Donald Trump's Coronavirus Diagnosis Unlikely to Change How Americans Vote, Poll Finds

trump leaves walter reed hopsital covid-19
President Donald Trump walks out of Walter Reed Medical Center in Bethesda, Maryland walking to Marine One on October 5, 2020, to return to the White House after being discharged. Trump announced he would be "back on the campaign trail soon," just before returning to the White House from the hospital where he was being treated for Covid-19. Saul Loeb/AFP/Getty Images

President Donald Trump's coronavirus diagnosis may have thrown the final weeks of the 2020 campaign into disarray, but a majority of voters say it's unlikely to sway how they will vote on Election Day.

According to a Redfield & Wilton Strategies survey conducted this past weekend, 79 percent of registered voters said they are unlikely to change how they will vote following the news of Trump testing positive for coronavirus.

Just 11 percent of respondents said they were likely to change how they will vote in the November 3 contest following the news of the president's diagnosis. Ten percent said they didn't know if it would change their voting attitude.

The poll, conducted for Newsweek, surveyed 2,500 registered voters from October 3 to October 4. The poll had a margin of error of 2.19 percent, according to Redfield & Wilson Strategies.

The president confirmed in a Twitter post early in the morning on October 2 that he and First Lady Melania Trump had tested positive for the coronavirus. He spent three days at the Walter Reed National Military Medical Center to receive treatment. Dr. Sean Conley, the physician to the president, said Monday that Trump "may not entirely be out of the woods yet" but met the necessary criteria to leave the hospital.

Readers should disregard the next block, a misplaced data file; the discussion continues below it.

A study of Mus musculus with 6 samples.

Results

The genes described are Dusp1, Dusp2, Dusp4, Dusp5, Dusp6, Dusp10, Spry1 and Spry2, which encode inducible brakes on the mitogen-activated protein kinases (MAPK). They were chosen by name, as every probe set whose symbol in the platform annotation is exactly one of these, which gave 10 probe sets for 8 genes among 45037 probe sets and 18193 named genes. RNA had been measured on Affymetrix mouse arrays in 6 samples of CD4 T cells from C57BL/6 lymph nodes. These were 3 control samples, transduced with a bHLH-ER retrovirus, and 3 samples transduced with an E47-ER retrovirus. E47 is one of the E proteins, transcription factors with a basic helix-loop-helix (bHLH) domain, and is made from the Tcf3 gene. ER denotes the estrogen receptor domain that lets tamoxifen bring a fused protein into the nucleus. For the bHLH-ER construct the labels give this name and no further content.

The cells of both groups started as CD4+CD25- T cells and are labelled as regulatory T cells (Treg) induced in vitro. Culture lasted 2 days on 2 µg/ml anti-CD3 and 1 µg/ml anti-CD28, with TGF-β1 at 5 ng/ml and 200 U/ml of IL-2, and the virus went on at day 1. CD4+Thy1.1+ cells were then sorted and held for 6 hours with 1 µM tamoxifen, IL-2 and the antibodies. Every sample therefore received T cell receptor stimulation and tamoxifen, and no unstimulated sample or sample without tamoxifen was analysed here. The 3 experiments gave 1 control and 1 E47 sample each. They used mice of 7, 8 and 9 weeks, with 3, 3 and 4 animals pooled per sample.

Even in the aftermath of his diagnosis, the president has continued to downplay the deadly threat of the virus. In a Twitter post on Monday, Trump told the public not to be scared of COVID-19—a virus that has killed more than 210,000 people in the United States.

"Feeling really good! Don't be afraid of Covid," he wrote. "Don't let it dominate your life. We have developed, under the Trump Administration, some really great drugs & knowledge. I feel better than I did 20 years ago."

Later when Trump arrived back at the White House, he removed his mask to film a video in which he told the American public: "Don't be afraid of it. You're gonna beat it. We have the best medical equipment. We have the best medicines, all developed recently."

After removing his mask at the White House, Trump joined several people inside. The White House is battling its own coronavirus outbreak, as an increasing number of staff and members of the president's inner circle have been testing positive for the virus. The list includes press secretary Kayleigh McEnany, counselor to the president Hope Hicks, campaign manager Bill Stepien and others.

In response to Trump, Democratic presidential nominee Joe Biden posted a video on Twitter urging people to wear masks. The clip featured contrasting clips of Biden putting on a face covering while the president removes his own.

"Masks matter. They save lives," the video caption reads.

A majority of registered voters always wear a mask when they leave their home, the Redfield & Wilton Strategies survey found. Fifty-eight percent of respondents said they always wear a mask, 20 percent said they wear one most of the time, 12 percent said they sometimes don a mask while 4 percent said they rarely do and 4 percent said they never do.

The polling data of 2,500 registered voters from all political affiliations across the U.S. was collected through an online survey created by Redfield & Wilson Strategies. The pollster group is a member of the British Polling Council (BPC) and the American Association for Public Opinion Research (AAPOR) Transparency Initiative.